Cape Town - Triple murder accused Henri van Breda described the emotional state of his family as "happy" on the night of the axe attacks that left his mother, Teresa, father Martin, and brother Rudi dead in their Stellenbosch home in January 2015.
He was adamant that a neighbour, Stephanie Op't Hof, who testified earlier in the trial, had not heard loud male voices arguing between 10pm and midnight as she had testified, but had in fact heard the soundtrack of Star Trek 2, the movie he had watched with his father and brother.
But senior state prosecutor Susan Galloway said he added a "time lapse" to fit in with her testimony. "You realised that Op't Hof heard male voices shouting, you had to give an explanation of what she heard from your house. And so you had to move the movie to a later time. That is why you said your father worked on his laptop after dinner."
On Tuesday, Van Breda told the court that his father worked after dinner, a detail he left out of his police statement.
"It was a new event that slipped in. If you watched the movie straight after dinner, your timeline would not have worked. You testified that dinner was at 7.30pm and takes half an hour, if you watched movie after dinner then it wouldn't make sense that Op't Hof only heard the movie at 10pm," Galloway said.
Van Breda said he thought Op't Hof was "misguided".
Galloway also referred to testimony from sister Marli's boyfriend, James Reade-Jahn. Marli, who was 16 at the time of the attacks survived but suffered severe head injuries and has retrograde amnesia. Reade-Jahn testified that the father was a dominant and controlling member of the family.
"I am not surprised by James's opinion. I would agree with him somewhat. My father was a very strong man, he had lots of companies, he was always the boss, dominant would be an accurate word, I guess", Van Breda told the court on Wednesday.
He said Reade-Jahn had been Marli's first serious boyfriend, "so naturally dad was very protective over her".
Cross-examination also focused on the fact that Van Breda did not go to the aid of his father when he was attacked, as he had been "too scared".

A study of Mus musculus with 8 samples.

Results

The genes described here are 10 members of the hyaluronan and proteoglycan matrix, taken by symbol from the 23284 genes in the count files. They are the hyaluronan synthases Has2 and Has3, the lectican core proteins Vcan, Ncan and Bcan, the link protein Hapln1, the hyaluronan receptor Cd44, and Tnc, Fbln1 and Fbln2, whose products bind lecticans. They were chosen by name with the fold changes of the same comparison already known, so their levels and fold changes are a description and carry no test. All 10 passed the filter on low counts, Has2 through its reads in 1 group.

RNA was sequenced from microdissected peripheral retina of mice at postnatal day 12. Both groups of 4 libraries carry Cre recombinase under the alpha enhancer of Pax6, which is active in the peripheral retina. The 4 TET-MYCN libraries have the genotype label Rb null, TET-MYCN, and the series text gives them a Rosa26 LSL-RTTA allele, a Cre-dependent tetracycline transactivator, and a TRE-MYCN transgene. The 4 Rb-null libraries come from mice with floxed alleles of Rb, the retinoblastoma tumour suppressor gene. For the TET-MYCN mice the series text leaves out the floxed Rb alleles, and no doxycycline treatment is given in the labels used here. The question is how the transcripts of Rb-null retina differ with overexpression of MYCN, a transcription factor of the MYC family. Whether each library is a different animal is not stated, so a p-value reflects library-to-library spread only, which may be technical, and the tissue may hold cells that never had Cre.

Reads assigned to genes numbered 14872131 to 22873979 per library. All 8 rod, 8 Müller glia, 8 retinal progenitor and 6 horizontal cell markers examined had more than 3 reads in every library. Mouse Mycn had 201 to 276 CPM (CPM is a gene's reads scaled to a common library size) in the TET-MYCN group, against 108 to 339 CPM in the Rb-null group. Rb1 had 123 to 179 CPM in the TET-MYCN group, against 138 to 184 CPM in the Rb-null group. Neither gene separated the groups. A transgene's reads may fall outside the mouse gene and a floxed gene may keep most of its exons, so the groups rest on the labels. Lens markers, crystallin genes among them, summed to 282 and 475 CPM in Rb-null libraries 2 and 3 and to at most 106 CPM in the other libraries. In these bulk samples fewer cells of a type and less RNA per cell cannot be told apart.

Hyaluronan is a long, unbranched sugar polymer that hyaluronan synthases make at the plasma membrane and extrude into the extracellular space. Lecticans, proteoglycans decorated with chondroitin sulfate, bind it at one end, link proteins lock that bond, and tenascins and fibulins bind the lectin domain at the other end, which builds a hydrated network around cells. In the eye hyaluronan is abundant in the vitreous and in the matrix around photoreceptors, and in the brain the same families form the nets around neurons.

He agreed, when asked by Judge Siraj Desai, that the intruder had targetted his brother Rudi specifically. Van Breda had come out of the bathroom and stood frozen in the corner of the small room, but had called for help. His father had rushed into the room, switched on the light and then been attacked himself. After attacking the father, the intruder had “giggled”, Van Breda told the court.
Van Breda conceded that the intruder had been unconcerned by his presence, and had not been distracted by his calls for help when Rudi was being attacked.
When his mother came running towards the room and asked what was going on, the attacker moved towards her. Galloway put it to Van Breda that it was strange that the attacker had not turned on Van Breda himself, who he must have known was male from his deep voice and earlier calls for help. “He leaves you, a male behind him, to attack a female outside the room, despite being aware of you in the room, he does nothing.”
Van Breda said the attacker giggled after attacking his father to which Judge Desai asked “like he was having fun, enjoying what he was doing?”
“It appeared so,” Van Breda told the court.
Van Breda, who turned 23 on Wednesday, appeared nervous on the stand, particularly when detailing the movements of the intruder and the way he swung the axe during the attacks. At one point, Judge Desai offered him water.
Galloway also put it to Van Breda that his description of the intruder in his initial police statement had been “stereotypical” and “vague”: “It boils down to an unknown black man wearing gloves and a balaclava.”
Van Breda said it could have been a dark-skinned Coloured man, but having spent most of his life in Australia, was not used to discerning the distinctions between the two. “The word Coloured is not used in Australia. When I said black, perhaps it should have been Coloured.”
He said he had heard two harsh voices, but only seen one intruder in the bedroom he shared with his brother. “I heard a voice with a harsh tone, most likely speaking Afrikaans. They had similar voices, but two distinct intonations.”
He later told the court he did not recall the axe being in the house. During the trial, the family's domestic worker Precious Munyongani told the court the axe looked exactly like the one kept in the pantry.
Van Breda conceded that the knife used in the attacks "resembled the kitchen knife we had".
The drawer where it was kept was the only one open in the kitchen. "That would mean whoever came in would have tried to arm himself," Galloway said.
Van Breda agreed that it was "logical" that whoever came in had been unarmed or armed inadequately.
Galloway said they had "in actual fact been ill prepared".
Van Breda conceded that he did find it "strange" that one person armed himself with both the axe and knife from the house to attack the family.
He further told the court that he had not seen a second axe, a suggestion made by the defence earlier in the trial.
Galloway consistently highlighted differences between Van Breda’s plea explanation and his statements in court to which he explained "the process of this trial has jogged a lot of my memory".